Norway to take delivery of Boeing P-8 submarine-hunter aircraft
Norway was poised to take delivery on Thursday of the first of five Boeing Co P-8 patrol aircraft, as the NATO ally looks to expand its submarine-hunting capabilities in the strategically important High North.
Norway was poised to take delivery on Thursday of the first of five Boeing Co P-8 patrol aircraft, as the NATO ally looks to expand its submarine-hunting capabilities in the strategically important High North. The five P-8A will replace the Royal Norwegian Air Force's current fleet of six Lockheed Martin Corp's P-3 Orions and two Dassault Aviation DA-20 Jet Falcons and be operated at Evenes Air Station, inside the Arctic Circle.
"Norway is responsible for large maritime areas in a strategically important part of the world," Mette Sørfonden, director general of the Norwegian Defence Materiel Agency, said in prepared remarks ahead of the delivery ceremony later on Thursday in Seattle. "Today's delivery of our first P-8A is an important milestone in the modernization of Norway's maritime patrol aircraft capability," Sørfonden said.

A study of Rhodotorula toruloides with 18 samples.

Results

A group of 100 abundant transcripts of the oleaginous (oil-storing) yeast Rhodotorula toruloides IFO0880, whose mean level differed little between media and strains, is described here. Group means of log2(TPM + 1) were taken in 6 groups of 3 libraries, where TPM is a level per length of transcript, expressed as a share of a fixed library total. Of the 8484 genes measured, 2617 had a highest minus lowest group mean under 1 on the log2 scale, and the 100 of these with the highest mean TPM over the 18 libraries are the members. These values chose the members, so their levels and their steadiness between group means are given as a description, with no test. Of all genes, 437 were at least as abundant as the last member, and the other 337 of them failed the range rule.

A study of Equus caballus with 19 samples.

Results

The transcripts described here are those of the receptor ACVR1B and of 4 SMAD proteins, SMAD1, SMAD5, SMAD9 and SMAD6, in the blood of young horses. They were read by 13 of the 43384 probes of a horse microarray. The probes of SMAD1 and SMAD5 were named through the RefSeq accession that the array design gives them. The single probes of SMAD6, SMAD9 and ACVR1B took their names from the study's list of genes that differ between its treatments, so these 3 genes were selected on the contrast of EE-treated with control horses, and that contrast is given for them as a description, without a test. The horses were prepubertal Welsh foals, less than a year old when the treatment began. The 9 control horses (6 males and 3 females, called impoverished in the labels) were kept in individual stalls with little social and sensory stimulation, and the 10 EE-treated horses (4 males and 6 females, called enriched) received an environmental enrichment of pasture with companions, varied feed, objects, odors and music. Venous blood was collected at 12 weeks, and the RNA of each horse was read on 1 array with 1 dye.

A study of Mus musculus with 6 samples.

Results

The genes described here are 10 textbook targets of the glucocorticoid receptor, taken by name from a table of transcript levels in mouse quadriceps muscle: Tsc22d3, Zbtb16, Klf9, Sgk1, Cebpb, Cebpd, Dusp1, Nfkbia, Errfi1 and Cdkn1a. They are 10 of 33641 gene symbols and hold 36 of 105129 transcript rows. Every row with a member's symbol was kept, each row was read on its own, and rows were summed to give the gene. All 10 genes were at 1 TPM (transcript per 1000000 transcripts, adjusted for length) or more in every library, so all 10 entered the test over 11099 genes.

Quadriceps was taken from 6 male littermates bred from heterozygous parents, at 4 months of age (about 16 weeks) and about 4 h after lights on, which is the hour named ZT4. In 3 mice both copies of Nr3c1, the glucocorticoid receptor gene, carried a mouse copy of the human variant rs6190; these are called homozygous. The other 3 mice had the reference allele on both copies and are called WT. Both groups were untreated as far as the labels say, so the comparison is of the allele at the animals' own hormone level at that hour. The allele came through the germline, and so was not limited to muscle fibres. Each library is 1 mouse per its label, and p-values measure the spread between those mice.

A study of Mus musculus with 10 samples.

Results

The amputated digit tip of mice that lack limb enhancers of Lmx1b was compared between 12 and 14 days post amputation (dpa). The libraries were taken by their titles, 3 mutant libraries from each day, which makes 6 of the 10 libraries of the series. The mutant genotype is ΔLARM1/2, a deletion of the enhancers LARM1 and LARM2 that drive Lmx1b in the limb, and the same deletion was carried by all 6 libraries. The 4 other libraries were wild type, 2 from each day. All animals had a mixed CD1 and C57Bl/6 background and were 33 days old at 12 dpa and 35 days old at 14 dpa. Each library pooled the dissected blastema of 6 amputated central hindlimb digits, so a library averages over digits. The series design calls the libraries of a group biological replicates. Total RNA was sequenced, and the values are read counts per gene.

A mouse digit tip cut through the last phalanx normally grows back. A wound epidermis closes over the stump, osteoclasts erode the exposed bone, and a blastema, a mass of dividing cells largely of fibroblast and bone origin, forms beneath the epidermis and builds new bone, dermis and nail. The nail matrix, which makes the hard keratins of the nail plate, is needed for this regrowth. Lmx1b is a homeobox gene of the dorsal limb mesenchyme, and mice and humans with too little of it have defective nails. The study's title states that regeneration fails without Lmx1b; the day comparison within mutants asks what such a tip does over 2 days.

Norway will spend roughly 11 billion kroner ($1.25 billion) on its P-8 aircraft, including additional equipment and support, a Norwegian official said. For Boeing, the delivery underscores the importance of its defense business as the U.S. planemaker works to recoup billions of dollars from the overlapping coronavirus and 737 MAX safety crises.
The anti-submarine and anti-surface warfare, surveillance and reconnaissance P-8 is based on Boeing's 737-800 Next Generation commercial jetliner. Boeing has plans to reduce its monthly production rate of 737-based military derivatives to one aircraft per month from 1.5 beginning in April, the company said on Thursday.
Deliveries to New Zealand, Korea and Germany will take place in 2022, 2023 and 2024, Boeing said. The remaining four P-8 for Norway were in "advanced stages of production" and will be delivered in 2022, Boeing said.
As ice caps recede and a broader swath of the Arctic Ocean is more navigable, Norway and other European nations have seen the need to improve sub-hunting and other capabilities to support the NATO mission.